Carl Manthey-Zorn was born March 18, 1846, in Sterup, Germany, not far from the border of Denmark. His father, Hans Zorn, was a Lutheran pastor, and his mother, Lina Manthey, was from a Danish noble family. Carl received a good German education as a child while he lived in Hochspeyer and Odernheim, in western Germany.
At the age of 15 he attended the gymnasium in Kreuznach. A gymnasium was a classical school, preparatory to the universities. In 1862, after his father had passed away, he and his mother moved to Erlangen, where he continued his education. The Austro-Prussian War of 1866 brought Zorn to the University of Erlangen to continue his theological education. He decided to become a tutor for the children of a wealthy family in Schwerin, in northeastern Germany.
After some time, unsure of what to do next, he came into contact with a Pastor Platz in the town of Serrahn, who recommended that he go to the University of Leipzig and the mission society there. Platz discouraged him from becoming a parish pastor in his homeland because doctrinal discipline was weak in almost all of Germany. Zorn was of the same opinion and knew that it would be difficult for him to avoid interacting with the hypocritical pastors he disdained so much. It was during this time that he met his future wife, Marie Hengstenberg, whose uncle was Professor E. W. Hengstenberg of Berlin. He met her while visiting his mother on Christmas vacation in Erlangen. As Zorn instructed her in Luther’s Small Catechism through correspondence, she began to recognize the problems with her own Reformed faith (she was the daughter of a Reformed pastor) and wanted to become a Lutheran deaconess. Instead, Carl and Marie unintentionally fell in love and were engaged and later married.
In 1871, Zorn was ordained and sent to India to serve as a missionary. Their mission at that time was centered in the southeastern part of India, with about 20 missionaries at a dozen sites. Zorn was assigned to the district of Pudukottai, which had about 350,000 inhabitants. It was quite a challenge for Zorn to adjust to the tropical climate, the monsoons, and the dangerous wildlife, but Zorn grew to love India and its people. The Lord blessed his ministry there in a number of ways. He mastered the complex regional language of Tamil and delivered his first sermon in it after seven months. He was loved and respected by everyone in Pudukottai, and he even became acquainted with the local king.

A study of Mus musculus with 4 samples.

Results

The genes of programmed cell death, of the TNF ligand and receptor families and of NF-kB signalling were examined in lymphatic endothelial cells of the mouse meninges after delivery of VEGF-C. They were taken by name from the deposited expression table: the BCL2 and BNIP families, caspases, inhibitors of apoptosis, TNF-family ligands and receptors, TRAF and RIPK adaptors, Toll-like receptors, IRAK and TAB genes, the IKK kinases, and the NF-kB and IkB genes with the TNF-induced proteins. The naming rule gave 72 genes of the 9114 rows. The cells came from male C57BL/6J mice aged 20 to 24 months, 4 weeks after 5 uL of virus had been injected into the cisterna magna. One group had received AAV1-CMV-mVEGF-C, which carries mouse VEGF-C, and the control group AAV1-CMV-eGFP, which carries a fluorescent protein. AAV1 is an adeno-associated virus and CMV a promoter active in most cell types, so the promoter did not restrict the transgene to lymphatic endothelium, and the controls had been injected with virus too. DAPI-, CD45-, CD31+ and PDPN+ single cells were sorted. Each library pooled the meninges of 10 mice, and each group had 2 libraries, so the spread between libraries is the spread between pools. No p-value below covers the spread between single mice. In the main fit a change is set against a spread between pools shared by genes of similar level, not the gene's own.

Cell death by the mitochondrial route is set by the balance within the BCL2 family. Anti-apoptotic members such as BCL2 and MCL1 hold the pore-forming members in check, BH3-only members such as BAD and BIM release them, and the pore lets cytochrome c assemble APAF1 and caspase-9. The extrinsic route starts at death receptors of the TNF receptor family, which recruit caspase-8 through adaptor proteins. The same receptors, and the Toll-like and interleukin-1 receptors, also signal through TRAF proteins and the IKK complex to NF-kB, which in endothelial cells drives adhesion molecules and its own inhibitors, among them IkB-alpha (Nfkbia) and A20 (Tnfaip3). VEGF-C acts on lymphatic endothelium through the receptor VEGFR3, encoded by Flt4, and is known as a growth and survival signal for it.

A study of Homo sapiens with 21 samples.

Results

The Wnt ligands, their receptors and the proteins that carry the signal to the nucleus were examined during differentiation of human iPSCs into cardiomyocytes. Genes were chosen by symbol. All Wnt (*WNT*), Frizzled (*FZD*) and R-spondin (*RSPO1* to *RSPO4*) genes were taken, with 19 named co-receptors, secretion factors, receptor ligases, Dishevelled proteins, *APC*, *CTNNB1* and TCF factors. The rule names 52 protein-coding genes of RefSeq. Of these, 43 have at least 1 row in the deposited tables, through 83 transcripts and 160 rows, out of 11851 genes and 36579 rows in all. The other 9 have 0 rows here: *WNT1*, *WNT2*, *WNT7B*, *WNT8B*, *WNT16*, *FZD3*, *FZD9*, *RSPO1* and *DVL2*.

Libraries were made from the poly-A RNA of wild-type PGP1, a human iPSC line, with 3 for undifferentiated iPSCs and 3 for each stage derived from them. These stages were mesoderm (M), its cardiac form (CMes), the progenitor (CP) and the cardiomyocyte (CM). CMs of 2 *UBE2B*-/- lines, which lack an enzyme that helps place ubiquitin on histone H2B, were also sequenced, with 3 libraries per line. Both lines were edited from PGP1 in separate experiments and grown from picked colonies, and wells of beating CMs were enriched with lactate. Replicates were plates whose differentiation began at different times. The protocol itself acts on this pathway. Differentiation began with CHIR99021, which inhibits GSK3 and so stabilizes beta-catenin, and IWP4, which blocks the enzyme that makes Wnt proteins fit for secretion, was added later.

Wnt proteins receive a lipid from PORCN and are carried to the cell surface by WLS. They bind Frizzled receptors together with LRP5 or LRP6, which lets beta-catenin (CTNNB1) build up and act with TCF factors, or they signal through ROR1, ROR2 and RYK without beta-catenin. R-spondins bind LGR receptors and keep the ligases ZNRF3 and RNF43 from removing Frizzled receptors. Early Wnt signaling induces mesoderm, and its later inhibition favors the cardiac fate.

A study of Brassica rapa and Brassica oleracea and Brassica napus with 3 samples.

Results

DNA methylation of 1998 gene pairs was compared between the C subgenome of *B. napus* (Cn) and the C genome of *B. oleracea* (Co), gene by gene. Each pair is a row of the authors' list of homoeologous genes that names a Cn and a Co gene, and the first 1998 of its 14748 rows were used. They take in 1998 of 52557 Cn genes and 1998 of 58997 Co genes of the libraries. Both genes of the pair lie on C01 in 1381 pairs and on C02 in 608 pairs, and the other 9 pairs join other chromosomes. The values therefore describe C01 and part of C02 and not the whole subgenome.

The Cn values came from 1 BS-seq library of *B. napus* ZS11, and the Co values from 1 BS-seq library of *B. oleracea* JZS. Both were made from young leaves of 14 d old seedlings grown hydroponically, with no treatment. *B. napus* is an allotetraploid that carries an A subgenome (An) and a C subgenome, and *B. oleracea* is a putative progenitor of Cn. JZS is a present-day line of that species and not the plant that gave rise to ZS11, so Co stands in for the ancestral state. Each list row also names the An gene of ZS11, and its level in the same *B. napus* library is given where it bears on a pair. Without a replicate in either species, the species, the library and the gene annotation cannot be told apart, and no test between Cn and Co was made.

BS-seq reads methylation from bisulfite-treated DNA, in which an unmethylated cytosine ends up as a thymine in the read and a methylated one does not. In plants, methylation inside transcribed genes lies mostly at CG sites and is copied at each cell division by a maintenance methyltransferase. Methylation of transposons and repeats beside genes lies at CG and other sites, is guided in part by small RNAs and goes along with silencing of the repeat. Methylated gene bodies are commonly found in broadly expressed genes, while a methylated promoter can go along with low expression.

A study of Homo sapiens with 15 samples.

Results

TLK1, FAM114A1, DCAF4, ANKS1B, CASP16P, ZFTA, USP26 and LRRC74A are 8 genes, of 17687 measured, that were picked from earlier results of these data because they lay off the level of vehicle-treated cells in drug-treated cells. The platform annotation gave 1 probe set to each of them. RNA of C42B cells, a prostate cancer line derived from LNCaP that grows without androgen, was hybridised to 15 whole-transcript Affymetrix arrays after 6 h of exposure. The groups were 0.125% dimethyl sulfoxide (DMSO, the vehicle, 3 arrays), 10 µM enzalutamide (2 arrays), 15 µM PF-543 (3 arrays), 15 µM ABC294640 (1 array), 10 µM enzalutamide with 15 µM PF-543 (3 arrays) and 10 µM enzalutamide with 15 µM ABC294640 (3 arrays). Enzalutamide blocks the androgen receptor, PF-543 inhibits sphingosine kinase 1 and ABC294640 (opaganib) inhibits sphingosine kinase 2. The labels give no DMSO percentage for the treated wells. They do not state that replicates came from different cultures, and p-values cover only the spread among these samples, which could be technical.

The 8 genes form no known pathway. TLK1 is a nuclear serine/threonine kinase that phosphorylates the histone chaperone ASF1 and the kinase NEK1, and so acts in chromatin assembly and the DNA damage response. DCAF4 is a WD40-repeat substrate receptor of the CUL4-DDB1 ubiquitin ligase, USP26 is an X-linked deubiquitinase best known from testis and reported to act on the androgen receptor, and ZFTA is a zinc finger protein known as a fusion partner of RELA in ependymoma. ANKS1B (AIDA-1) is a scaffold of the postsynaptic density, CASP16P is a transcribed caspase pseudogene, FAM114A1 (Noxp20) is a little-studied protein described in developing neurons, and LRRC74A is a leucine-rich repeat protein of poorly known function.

However, Zorn’s stay in India would not last. Zorn and several of the missionaries had developed a close bond as they studied together God’s Word, Luther, and the Confessions. As they did so, they became ever aware of the unionistic tendencies among their fellow missionaries and the mission society. They earnestly sought to remain in India with the mission, but when the other missionaries and leaders in Leipzig refused to give up their unionism, they publicly declared their support of C. F. W. Walther and the position of the then orthodox Missouri Synod. They could not in good conscience remain in fellowship with the Mission Society and had no other choice but to leave.
In April of 1876 Zorn and three other missionaries returned to Germany. He knew for certain now that he should go to America and join the Missouri Synod. After reaching New York on July 4, he made his way to the Synod’s Northwestern District Convention in Minneapolis, where he personally met Walther. His next stop was Sheboygan, Wisconsin, where he would serve his first call as a parish pastor in the Missouri Synod. Zorn became most well-known for his literary activity. He wrote numerous articles for Missouri publications and over 60 books, mostly devotional works and commentaries.
In 1881, after five years in Sheboygan, Zorn accepted a call to Cleveland, Ohio, where he served until his retirement in 1911. His wife died in 1907, and after his retirement he lived with his son, Carl, in East Cleveland for the remainder of his life. On June 29, 1928 he suffered a stroke, and on July 12, at the age of 82, he entered into eternal glory. He had nine children, one of whom entered the ministry, and two of his grandsons went on to become missionaries in India like their grandfather.